Prototype of an experimental validations library

Hi all, I’ve been playing with PureScript to build a data validation library. Specifically, I wanted a library that gave me all the ergonomics of a dynamic language, but type-safe (of course). After brainstorming my ideal API design, I couldn’t think of a language that it would work in besides PureScript!

Suppose our schema looks like this:

type Student = { studentId :: Int, name :: String, age :: Int }
type School  = { name :: String
               , age :: Int
               , students :: Array Student

Suppose each student needs to be at least 10 years old, there needs to be at least 5 students, and both the school and the students’ names must be non-empty. Then I want to be able to create a validation object that looks like this:

studentValidator = { name: [ notEmpty ], age: [ atLeast 10 ] }
schoolValidator = { name: [ notEmpty ]
                  , students: [ lengthAtLeast 5
                              , each studentValidator 

where each validation rule is a simple function, like

notEmpty s = if s == "" then FieldError "can't be empty" else Ok

and then run validate schoolValidator mySchool to get an error object back out that mirrors the schema of the validator.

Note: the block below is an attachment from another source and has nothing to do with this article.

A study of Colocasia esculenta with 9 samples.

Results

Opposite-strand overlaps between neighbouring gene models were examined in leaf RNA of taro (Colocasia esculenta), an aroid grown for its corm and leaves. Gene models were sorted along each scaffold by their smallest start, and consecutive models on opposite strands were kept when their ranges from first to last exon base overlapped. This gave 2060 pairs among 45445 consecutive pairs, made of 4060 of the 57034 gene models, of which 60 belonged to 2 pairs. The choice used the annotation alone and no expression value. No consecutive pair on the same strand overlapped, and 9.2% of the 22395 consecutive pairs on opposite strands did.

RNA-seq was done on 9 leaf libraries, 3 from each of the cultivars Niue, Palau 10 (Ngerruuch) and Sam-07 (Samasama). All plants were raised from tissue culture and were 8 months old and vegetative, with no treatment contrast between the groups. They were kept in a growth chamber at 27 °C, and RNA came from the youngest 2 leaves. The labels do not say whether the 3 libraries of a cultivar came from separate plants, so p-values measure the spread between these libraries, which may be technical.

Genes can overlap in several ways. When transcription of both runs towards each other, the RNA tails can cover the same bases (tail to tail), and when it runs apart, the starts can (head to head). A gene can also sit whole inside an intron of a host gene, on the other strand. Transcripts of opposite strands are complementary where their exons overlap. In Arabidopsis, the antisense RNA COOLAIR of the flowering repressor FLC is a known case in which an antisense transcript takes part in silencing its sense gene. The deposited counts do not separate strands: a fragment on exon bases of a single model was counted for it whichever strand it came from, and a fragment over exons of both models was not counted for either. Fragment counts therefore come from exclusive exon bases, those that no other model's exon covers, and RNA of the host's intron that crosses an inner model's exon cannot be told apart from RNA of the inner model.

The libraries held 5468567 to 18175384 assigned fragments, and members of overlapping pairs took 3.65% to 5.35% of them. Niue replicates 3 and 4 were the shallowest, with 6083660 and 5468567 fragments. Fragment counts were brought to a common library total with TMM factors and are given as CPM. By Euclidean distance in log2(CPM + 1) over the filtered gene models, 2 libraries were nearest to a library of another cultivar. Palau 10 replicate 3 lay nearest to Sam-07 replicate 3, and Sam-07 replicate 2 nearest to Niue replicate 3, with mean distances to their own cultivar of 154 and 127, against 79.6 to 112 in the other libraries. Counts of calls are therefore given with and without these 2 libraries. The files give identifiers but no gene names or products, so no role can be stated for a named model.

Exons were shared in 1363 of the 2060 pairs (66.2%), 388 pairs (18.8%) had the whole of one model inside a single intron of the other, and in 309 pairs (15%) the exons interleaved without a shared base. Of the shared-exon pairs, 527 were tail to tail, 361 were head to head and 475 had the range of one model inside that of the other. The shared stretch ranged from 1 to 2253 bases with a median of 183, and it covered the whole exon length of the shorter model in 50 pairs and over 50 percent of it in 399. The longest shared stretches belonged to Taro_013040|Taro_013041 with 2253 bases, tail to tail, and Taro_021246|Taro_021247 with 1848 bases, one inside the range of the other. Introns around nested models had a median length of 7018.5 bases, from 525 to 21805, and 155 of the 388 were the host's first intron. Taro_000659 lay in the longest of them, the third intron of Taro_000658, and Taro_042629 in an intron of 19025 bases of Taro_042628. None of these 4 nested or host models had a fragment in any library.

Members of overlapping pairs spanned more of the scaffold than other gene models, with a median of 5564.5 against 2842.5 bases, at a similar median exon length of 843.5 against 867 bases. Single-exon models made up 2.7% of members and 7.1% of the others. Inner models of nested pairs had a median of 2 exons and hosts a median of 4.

I’ve spent the last few days trying to figure out the row type machinery well enough to make this work. I have a really, really bad and ugly prototype currently at here. There’s still some big warts with the ergonomics related to type specialization, and I’m sure my code is really redundant and inelegant since I basically got it to work by adding more and more class constraints until the typechecker stopped complaining. Also, I need to do way more testing, so there may be horrible bugs still. Nevertheless, I thought you guys might be interested - I don’t think any other static language has a flexible enough type system to do this without using macros or upcasting everything to Objects.


The data that you’re validating is JSON, is that right?

Your idea is very good, and there have been other attempts to solve this same problem.

It seems to me like you might be able accomplish a lot of this same stuff by making special newtypes and writing DecodeJson class instances for your newtypes? In that scenario, the decodeJson function would be your validate function.

You might also be able to accomplish something similar by writing parsers for the F monad. In that scenario your validate function would be runExcept. The classic essay on this technique is Parse, don’t validate.